The Voice Fraud Threat Is Real


Once my brother and I heard about it, we stepped in and took steps to put a stop on the cash shipment and have it returned to New York. We also called the Miami-Dade Police Department, which had an officer sit on the location until the fraudster showed up to claim his prize.

My father was lucky that we stepped in when we did, but not everyone is that fortunate. Fraud like this happens more often than most people know. And as speech technologies make it easier to create voice clones with incredible realism, instances like this have been on the rise.

A year or so after the call with my niece’s voice, my father got another call with a similar plotline. This time it was from the contractor my father hired to remodel the bathroom in his house. And I received a call a few years after that from a former colleague in a similar predicament. “Nice try, jackass!” I told the caller, and I never heard from him again.

And then there is the now-infamous case of an employee transferring $25 million in corporate funds to five bank accounts after a virtual meeting with what turned out to be audio-video deepfakes of senior management.

All this proves a point made in our second feature, “Safety and Ethical Concerns Loom Large in Voice Cloning.” In the article, Bob Long, president of the Americas at Daon, a biometrics and identity assurance software company, warns, “Everyone needs to be concerned about the technology being used for nefarious purposes. It’s no longer where you’re looking at just famous people; it’s everyone.”

So where do the callers get the voice samples they use to create their deepfakes? In my niece’s case, we’re pretty sure it came from a video she had posted on social media, but these fraudsters also record phone calls or hack into files that companies use to store their customers’ and employees’ voice prints for biometric authentication. Since many of the technologies today only require a few seconds of audio to re-create real people’s voices, the samples are relatively easy to get.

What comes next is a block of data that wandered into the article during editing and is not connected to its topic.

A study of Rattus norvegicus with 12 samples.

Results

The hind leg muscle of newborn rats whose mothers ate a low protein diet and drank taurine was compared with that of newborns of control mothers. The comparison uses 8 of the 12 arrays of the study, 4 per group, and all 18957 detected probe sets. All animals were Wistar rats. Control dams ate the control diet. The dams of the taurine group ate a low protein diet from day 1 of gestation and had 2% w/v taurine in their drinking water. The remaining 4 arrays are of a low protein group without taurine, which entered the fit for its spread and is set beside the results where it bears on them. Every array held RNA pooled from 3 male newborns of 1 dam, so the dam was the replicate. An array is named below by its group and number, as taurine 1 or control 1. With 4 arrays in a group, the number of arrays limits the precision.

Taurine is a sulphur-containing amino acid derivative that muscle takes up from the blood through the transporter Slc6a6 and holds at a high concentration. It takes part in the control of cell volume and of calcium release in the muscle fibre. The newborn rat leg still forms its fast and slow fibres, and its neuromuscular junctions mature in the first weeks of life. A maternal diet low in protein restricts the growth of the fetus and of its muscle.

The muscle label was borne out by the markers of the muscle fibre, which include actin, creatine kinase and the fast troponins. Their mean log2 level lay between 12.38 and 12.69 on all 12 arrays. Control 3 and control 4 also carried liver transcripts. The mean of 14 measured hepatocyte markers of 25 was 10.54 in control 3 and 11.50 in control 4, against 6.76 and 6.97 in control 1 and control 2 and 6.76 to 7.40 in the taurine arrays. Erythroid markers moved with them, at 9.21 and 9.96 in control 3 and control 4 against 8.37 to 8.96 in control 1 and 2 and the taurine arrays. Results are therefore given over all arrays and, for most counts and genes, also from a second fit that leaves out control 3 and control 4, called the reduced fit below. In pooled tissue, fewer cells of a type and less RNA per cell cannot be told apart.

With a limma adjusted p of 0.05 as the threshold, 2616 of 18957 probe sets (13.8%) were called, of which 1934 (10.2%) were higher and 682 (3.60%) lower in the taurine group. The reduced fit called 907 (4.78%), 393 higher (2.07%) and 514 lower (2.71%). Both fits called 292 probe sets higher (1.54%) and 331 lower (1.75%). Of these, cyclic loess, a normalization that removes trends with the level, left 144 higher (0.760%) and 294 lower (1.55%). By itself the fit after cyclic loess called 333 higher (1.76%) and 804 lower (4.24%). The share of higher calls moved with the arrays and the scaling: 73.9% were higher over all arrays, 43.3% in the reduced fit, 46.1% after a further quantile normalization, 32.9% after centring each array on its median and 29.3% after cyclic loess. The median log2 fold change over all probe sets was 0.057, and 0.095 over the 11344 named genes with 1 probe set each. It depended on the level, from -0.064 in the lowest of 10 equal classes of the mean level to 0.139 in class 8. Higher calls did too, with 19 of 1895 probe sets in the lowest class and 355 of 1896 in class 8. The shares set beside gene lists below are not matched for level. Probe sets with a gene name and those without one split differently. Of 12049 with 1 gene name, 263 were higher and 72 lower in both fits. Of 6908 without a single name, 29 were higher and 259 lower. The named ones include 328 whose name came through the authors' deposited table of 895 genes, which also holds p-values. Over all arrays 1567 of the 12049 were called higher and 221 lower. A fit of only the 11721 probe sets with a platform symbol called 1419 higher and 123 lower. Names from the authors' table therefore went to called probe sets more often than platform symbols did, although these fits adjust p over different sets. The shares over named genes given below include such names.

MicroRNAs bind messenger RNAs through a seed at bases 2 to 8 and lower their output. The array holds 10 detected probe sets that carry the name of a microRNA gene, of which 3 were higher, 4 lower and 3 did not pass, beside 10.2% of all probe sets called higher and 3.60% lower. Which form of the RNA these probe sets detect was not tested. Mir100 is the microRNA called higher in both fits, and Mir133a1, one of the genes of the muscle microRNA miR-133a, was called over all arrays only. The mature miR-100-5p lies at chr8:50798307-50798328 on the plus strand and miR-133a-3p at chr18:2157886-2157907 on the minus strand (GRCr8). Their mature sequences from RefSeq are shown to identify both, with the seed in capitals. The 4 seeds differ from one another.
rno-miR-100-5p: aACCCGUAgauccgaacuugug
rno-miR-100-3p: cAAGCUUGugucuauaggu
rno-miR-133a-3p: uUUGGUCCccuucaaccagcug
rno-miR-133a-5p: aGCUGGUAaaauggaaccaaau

I should point out that not all voice cloning uses have a malign purpose. Indeed there are far more cases where the technology is being used for good. Dubbing, translations, intelligent voice assistants, screen readers and other assistive technologies, toys, robotics, video games, learning assistants, and so many other use cases abound. The technology has even been used to preserve the voices of people who are at risk of losing the ability to speak due to various diseases and to preserve dying languages.

The speech industry is going to great lengths to develop technologies that can detect, prevent, counter, and mitigate the harm caused by nefarious deepfakes. Measures like liveness detection, watermarking, advanced analytics, and voice scrambling have helped. So have technologies designed to safeguard voice file databases from unauthorized access, but more can and should be done.

Rapid advancements in artificial intelligence bring new challenges to the speech technology industry, and you should expect this trend to continue. “Fortunately, we are also working hard to research and develop new ways to leverage AI to its full potential to counter AI-powered fraud,” Alexey Khitrov, CEO and cofounder of ID R&D, assures us in the article.